Age related macular degenerationBMJ 2010; 340 doi: https://doi.org/10.1136/bmj.c981 (Published 26 February 2010) Cite this as: BMJ 2010;340:c981
- Usha Chakravarthy, professor of ophthalmology and vision sciences1,
- Jennifer Evans, PhD2,
- Philip J Rosenfeld, professor of ophthalmology3
- 1Centre for Vascular and Vision Sciences, Institute of Clinical Science, Belfast BT12 6BA
- 2International Centre for Eye Health, London School of Hygiene and Tropical Medicine, London WC1E 7HT
- 3Bascom Palmer Eye Institute, University of Miami Miller School of Medicine, Miami, FL 33136, USA
- Correspondence to: U Chakravarthy
The late stage manifestations of age related macular degeneration, neovascularisation and geographic atrophy, cause severe loss of central vision
Standard care for neovascular age related macular degeneration is treatment with monoclonal antibodies that inhibit vascular endothelial growth factor. A fifth of those treated do not respond to treatment and a further quarter may lose the initial gains in visual acuity over time.
No proven treatments exist for geographic atrophy. The preventive effects of supplementation with macular carotenoids (lutein/zeaxanthin) and omega-3 fatty acids are under investigation.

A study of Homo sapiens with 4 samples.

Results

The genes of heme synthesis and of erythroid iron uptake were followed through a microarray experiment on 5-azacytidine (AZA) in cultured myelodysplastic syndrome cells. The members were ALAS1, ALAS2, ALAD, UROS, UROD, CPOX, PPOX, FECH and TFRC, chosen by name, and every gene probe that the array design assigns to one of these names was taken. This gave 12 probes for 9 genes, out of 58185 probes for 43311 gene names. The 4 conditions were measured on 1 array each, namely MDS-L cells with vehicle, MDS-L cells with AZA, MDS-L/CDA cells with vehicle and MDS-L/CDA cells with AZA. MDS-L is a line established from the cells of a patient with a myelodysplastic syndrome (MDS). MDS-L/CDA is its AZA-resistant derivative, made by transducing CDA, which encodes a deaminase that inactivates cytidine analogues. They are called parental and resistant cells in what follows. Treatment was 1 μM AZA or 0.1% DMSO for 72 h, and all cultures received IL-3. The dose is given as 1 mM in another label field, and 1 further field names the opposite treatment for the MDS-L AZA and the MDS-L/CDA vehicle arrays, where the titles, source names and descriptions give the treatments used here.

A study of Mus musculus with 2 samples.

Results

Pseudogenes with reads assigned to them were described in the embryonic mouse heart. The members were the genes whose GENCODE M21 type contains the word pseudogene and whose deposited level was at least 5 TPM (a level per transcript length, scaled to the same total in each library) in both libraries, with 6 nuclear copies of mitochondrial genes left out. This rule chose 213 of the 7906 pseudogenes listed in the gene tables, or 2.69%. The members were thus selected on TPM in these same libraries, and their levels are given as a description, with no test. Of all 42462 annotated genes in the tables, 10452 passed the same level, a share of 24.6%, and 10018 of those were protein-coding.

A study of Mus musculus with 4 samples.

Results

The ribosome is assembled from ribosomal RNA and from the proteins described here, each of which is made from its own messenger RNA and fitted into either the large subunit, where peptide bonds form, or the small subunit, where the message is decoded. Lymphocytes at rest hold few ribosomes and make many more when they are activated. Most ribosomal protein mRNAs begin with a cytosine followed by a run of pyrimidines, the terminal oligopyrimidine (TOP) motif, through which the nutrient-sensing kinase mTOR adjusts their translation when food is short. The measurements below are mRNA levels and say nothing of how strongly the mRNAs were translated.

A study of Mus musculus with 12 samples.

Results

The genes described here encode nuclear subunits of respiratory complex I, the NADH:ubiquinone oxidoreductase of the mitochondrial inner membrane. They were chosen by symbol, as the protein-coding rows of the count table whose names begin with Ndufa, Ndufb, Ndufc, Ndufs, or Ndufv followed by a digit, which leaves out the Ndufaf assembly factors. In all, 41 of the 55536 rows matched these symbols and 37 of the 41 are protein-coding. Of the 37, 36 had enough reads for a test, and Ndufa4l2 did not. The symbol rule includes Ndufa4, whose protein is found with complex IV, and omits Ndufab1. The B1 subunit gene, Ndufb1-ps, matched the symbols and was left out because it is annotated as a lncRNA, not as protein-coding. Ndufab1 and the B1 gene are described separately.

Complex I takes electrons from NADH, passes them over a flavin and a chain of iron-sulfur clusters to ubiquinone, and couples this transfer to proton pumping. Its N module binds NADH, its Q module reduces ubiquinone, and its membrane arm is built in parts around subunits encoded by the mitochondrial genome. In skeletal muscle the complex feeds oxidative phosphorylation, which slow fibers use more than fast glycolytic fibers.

Age related macular degeneration, as the term implies, affects older adults and accounts for about half of all vision impairment or blind registrations in the developed world.1 Its prevalence is increasing with the demographic shift towards an ageing society. Recent evidence from large scale population based epidemiological studies confirms that it is also a major cause of sight loss in the developing world, in countries such as India,2 where life expectancy continues to rise. The two vision threatening manifestations of age related macular degeneration occur either as a consequence of neovascularisation, which causes an acute exudative pathology, or from cell loss due to geographic atrophy. Both neovascular age related macular degeneration and geographic atrophy result in reduced central vision with inability to undertake tasks that require visual discrimination, such as reading, driving, and recognising faces. The main aims of treatment are either to prevent the progression of early features to the late stage manifestations or to treat the symptoms of advanced disease if these do occur. Currently, intravitreal treatment with humanised monoclonal antibodies against vascular endothelial growth factor is used to ameliorate the acute manifestations of neovascular age related macular degeneration. This review examines the pathogenesis of age related macular degeneration and recent advances in its management.